How to Prevent Sunburn

Sunburn is a visible reaction of the skin's exposure to ultraviolet (UV) radiation, the invisible rays that are part of sunlight. Ultraviolet rays can also cause invisible damage to the skin. Excessive and/or multiple sunburns cause premature aging of the skin and lead to skin cancer. Skin cancer is the most common type of cancer in the US and exposure to the sun is the leading cause of skin cancer.

During the summer, people spend more time outdoors. People who have fair skin, moles, or freckles, or who have a family history of skin cancer, are more likely to develop skin cancer in later years. UV rays are strongest during summer months when the sun is directly overhead (normally between 10 a.m. and 3 p.m.).

Foods That Prevent Sunburn

New research suggests that certain types of foods and antioxidants may successfully help the body to fight against sunburn. Beta-carotene -- an antioxidant found in leafy vegetables, carrots, red peppers and yellow fruits such as mangos, melons and apricots -- has proven effective. Studies show that beta-carotene works best when a person eats at least five servings of foods that contain the antioxidant per day for a period of at least 10 weeks. Although the effects of beta-carotene aren't strong enough for it to be a complete replacement for sunscreen, this nutrient can help provide constant protection to every area of the skin.

Researchers have found that tomatoes  or at least lycopene, a red pigment found in tomatoes  may also protect the skin from sunburn. Like beta-carotene, the effects of lycopene become more effective after getting a daily requirement for around three months.

Green tea, often touted for its various health benefits, consists of polyphenols -- a type of antioxidant -- which could also protect the skin from UV rays. To reap these benefits, the polyphenols can be consumed as a drink, or they can be applied directly to skin.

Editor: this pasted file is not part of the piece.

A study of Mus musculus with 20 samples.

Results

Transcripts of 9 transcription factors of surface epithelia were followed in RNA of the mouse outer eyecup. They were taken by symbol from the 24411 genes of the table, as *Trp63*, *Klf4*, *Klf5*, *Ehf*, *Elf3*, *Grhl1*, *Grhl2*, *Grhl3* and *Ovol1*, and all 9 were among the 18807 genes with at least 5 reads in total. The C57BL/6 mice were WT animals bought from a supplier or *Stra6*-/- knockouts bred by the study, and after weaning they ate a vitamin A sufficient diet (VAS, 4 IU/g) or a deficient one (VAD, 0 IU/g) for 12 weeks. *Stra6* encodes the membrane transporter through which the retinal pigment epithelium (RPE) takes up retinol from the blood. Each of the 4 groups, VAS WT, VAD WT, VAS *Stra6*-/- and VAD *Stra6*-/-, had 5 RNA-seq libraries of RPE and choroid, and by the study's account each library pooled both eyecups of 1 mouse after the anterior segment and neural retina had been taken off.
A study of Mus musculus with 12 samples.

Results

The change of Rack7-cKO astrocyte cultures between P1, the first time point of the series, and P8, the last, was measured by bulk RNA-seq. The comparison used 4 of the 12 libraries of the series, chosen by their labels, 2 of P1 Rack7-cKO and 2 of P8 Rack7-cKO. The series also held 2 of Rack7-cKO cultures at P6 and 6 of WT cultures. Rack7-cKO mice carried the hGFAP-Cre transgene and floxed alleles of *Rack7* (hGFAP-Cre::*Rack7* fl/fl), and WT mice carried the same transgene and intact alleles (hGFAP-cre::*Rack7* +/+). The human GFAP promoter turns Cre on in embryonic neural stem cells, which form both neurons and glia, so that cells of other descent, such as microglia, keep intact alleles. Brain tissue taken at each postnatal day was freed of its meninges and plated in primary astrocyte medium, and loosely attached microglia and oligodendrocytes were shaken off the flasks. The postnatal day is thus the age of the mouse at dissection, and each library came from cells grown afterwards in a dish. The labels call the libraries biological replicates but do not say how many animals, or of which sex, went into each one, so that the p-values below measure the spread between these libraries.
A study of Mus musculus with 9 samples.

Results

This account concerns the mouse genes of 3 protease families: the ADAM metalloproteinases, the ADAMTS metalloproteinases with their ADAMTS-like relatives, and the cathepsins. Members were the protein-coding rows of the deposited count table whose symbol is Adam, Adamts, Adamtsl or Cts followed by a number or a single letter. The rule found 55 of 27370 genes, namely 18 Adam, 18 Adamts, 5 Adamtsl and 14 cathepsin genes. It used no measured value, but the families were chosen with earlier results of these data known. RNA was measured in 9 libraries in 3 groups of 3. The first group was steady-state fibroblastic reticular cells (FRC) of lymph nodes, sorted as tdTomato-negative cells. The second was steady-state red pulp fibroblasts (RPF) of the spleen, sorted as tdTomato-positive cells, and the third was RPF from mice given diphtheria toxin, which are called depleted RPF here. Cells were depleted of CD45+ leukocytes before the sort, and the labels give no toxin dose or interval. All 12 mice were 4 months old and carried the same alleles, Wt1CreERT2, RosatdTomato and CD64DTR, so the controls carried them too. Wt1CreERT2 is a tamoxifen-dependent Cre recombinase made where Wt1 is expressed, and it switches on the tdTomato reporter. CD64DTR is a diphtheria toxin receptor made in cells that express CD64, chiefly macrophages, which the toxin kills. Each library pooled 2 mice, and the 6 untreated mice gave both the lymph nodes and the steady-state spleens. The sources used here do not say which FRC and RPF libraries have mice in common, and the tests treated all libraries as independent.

Although the effects of these foods are not strong enough to replace sunscreens, the combination of these nutrients with your daily sunscreen regimen will help give you the best possible coverage. And eating all those vitamins and antioxidants could benefit your health in other ways, too.

Clothes That Prevent Sunburn

Like sunscreen, sun-protective clothing is a product used to prevent sunburn. Unlike normal summer clothing -- which typically includes light-colored fabrics and loosely fitting cotton -- the fabrics used for blocking sun are tightly woven, which makes them more difficult for harmful rays to penetrate. Certain companies treat the fabric with chemicals that help absorb ultraviolet (UV) light. Sun-protective clothing is generally marked with a UV protection factor (UPF), which lets you know the strength of its protection. For example, if you wanted to protect yourself from 1/40th of the sun's rays, you'd pick a shirt with a UPF rating of 40. Higher UPF labels mean more protection for your skin.

Although sun-protective clothing is a useful tool in the fight against sunburn, it can lose some of its effectiveness if it gets stretched or is repeatedly washed -- another reason to go with a higher UPF in the first place. Another option is to make your own sun blocking clothes. Certain laundry ingredients contain UV-absorbing chemicals and claim to give even regular fabrics a significant UPF rating.